Coronavirus a Workers' Compensation Claim?
In Georgia, we have two types of claims that can be deemed compensable. Workers’ compensation injuries and workers’ compensation diseases. Workers’ compensation injuries are the typical injuries one might think of when they think of workers’ compensation claims. A specific injury that arises “in the course of” employment and also “arises out of” employment. There must be a causal connection to the work being performed and the employee must be reasonable expected to be in the course of his or her duties.
An injury arises out of “the employment” when “a reasonable person, after considering the circumstances of employment, would perceive a causal connection between the conditions under which the employee must work and the resulting injury.” Hennly v. Richardson, 264 Ga. 355-356(1994). It arises “in the course of” employment when it occurs within the period of employment, at a place where the employee may be in the performance of his duties and while he is fulfilling or doing something incidental to those duties.” Id. See also O.C.G.A. § 34-9-1. In other words, a person would have to prove a causal connection between their employment and COVID-19.
However, in Georgia there is a separate category for occupational diseases. O.C.G.A. § 34-9-280. This is a narrowly defined statute. It requires five elements of proof. Specifically, it provides that there must be a direct causal connection between the conditions under which work is performed and the disease, that the disease follows a natural incident of exposure by reason of the employment, that the disease must to have appeared to have its origin and a risk connected with the employment and to have flowed from that source as a natural consequence. In other words, it must be shown that the disease actually came from work. Further, the disease cannot be one to which the general public is exposed. Synalloy Corp. v. Newton, 254 Ga. 74 (1985). The seasonal flu, for example, is not unique to the workplace and not compensable occupational disease under the statute.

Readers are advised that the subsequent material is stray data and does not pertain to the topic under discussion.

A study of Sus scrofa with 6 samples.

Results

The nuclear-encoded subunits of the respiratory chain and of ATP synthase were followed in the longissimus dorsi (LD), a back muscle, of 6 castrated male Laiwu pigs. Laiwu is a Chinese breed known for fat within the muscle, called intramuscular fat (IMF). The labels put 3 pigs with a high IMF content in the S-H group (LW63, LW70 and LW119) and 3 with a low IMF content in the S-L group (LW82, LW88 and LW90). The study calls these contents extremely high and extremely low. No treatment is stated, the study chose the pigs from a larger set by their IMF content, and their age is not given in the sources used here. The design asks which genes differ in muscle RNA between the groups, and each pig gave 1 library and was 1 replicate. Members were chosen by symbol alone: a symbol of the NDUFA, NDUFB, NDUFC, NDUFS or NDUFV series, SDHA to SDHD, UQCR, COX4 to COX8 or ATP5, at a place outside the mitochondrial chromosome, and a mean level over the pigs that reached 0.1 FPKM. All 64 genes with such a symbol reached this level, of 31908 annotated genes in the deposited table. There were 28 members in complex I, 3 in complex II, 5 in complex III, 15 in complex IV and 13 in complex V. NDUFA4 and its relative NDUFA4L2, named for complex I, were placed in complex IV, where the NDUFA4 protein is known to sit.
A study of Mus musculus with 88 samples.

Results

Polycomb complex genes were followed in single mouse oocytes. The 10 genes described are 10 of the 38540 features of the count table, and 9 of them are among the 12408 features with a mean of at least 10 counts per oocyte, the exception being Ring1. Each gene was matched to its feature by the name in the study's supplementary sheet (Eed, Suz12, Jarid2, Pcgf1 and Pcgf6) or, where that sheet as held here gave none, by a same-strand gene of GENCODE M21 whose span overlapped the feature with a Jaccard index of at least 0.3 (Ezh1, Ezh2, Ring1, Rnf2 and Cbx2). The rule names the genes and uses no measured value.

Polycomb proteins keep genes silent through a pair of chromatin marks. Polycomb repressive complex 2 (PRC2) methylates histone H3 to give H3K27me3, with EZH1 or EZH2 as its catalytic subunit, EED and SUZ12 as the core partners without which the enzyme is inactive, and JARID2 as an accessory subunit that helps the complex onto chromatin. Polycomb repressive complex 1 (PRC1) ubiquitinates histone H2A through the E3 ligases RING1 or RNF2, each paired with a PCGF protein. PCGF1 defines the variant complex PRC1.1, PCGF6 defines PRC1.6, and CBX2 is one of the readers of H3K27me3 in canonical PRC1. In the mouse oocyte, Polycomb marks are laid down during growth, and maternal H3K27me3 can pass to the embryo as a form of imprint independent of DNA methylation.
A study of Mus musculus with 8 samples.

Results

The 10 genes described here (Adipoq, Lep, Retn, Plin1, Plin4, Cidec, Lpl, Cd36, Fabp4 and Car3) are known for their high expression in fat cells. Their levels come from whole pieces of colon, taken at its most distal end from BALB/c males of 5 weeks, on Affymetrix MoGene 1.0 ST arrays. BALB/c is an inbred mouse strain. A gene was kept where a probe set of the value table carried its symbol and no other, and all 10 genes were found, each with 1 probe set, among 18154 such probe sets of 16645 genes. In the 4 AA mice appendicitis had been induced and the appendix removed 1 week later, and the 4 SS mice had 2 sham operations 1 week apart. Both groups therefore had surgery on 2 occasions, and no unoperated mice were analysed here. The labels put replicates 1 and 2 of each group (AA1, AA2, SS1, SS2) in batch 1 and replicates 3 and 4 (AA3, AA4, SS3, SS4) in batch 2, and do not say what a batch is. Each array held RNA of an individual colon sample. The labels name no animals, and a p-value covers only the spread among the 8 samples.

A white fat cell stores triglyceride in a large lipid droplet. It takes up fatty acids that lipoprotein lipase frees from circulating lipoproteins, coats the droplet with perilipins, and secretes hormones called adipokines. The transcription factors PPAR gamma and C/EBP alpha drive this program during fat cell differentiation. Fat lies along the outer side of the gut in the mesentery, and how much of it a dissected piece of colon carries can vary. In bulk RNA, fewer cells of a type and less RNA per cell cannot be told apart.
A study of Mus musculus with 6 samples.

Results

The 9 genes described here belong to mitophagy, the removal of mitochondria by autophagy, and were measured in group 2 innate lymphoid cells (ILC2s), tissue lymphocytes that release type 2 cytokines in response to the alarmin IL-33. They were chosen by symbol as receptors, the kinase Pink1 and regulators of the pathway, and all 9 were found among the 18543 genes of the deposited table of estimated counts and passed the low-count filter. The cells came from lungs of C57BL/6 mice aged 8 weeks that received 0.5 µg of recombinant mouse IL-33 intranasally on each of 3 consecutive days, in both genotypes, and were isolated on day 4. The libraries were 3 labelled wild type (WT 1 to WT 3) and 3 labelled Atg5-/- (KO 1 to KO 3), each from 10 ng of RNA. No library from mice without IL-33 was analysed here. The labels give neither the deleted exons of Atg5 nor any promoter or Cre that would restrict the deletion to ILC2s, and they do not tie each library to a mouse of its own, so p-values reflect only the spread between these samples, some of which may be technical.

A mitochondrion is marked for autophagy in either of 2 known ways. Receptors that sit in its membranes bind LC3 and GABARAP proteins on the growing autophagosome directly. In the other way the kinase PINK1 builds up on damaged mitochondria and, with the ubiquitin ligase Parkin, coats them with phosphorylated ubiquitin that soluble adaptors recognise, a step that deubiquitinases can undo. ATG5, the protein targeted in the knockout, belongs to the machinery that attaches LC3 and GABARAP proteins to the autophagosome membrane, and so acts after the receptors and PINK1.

Probably the most relevant case on point is Fulton-Dekalb Hospital Authority v. Bishop, 185 Ga.App.771 (1988). In this case it was determined that an emergency medical technician who contracted Hepatitis B did not have a compensable occupational disease because it was a viral disease to which the general public is exposed.
Unfortunately, this doesn’t bode well for potential workers’ compensation benefits for COVID 19 exposure. It certainly does not seem to qualify under the occupational disease statue as it is certainly something to which the general public is exposed. Further, it appears that it would be quite difficult to see it characterized as an injury rather than an occupational disease. There is still no clear guidance on this. However, if it is not deemed a workers’ compensation claim, it is possible there could be remedies against the employer directly in tort since there would be no exclusive remedy preclusion. As always, consult an attorney.